Minister of Defense Benny Gantz on Monday toured the Israel Institute for Biological Research (IIBR) and was updated on the advancements in the development of a Coronavirus (COVID-19) vaccine ahead of the start of the expected human trials at the end of October.
Gantz received an overview of the completions required for the start of the trials and the manufacturing process of the vaccine.
IIBR Prof. Shmuel Shapira announced that the vaccine was named “Brilife.” Br is the beginning of the word Briut in Hebrew, which means health, il stands for the State of Israel, and the third part is the word life.
Gantz stated that “we are in a very significant moment. Prof. Shapira and all the staff have done a fantastic job, they are the scientific frontier of the State of Israel and they have brought the vaccine to a stage where we can soon begin human trials.”
“If the process succeeds, it will be great news for the State of Israel and perhaps for all the peoples of the world,” he added, thanking the institute and the research team and saying they “are a source of national pride.”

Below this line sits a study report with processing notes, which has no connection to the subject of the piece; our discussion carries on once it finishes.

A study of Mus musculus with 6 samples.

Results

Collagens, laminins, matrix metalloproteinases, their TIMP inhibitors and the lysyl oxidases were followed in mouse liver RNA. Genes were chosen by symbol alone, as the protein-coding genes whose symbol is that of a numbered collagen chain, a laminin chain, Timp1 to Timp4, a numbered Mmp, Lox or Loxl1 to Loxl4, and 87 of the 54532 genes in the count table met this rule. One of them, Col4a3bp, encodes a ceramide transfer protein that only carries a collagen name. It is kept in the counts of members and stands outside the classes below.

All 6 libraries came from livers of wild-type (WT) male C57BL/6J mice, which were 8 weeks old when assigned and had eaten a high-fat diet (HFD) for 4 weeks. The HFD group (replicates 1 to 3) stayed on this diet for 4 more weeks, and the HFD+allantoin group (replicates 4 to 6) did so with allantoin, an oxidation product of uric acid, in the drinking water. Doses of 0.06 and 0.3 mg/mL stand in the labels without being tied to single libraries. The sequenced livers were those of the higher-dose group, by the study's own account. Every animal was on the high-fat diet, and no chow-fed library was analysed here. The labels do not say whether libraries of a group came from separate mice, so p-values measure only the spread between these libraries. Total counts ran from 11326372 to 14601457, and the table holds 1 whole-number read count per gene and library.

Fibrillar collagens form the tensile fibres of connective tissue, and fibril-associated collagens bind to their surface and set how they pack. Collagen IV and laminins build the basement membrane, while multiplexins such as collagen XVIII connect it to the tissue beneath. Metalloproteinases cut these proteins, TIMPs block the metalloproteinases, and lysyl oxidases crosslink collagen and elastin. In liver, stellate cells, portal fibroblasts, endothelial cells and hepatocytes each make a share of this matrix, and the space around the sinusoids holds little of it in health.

The IIBR has produced 25,000 doses of the vaccine which will be used in the human trials.
Shapira told the Knesset in August that the IIBR can produce 15 million COVID-19 vaccine doses for Israelis after it completes its development.
However, the vaccine will not be ready for phase three testing until 2021, a stage which is much more complicated and requires time.
Vaccine tests on golden Syrian hamsters showed that a serum they have developed is effective, paving the way for tests on humans.
In May, the IIBR officially announced that it had completed the patent registration for eight Coronavirus antibodies, another significant step towards the production of a cure for the pandemic.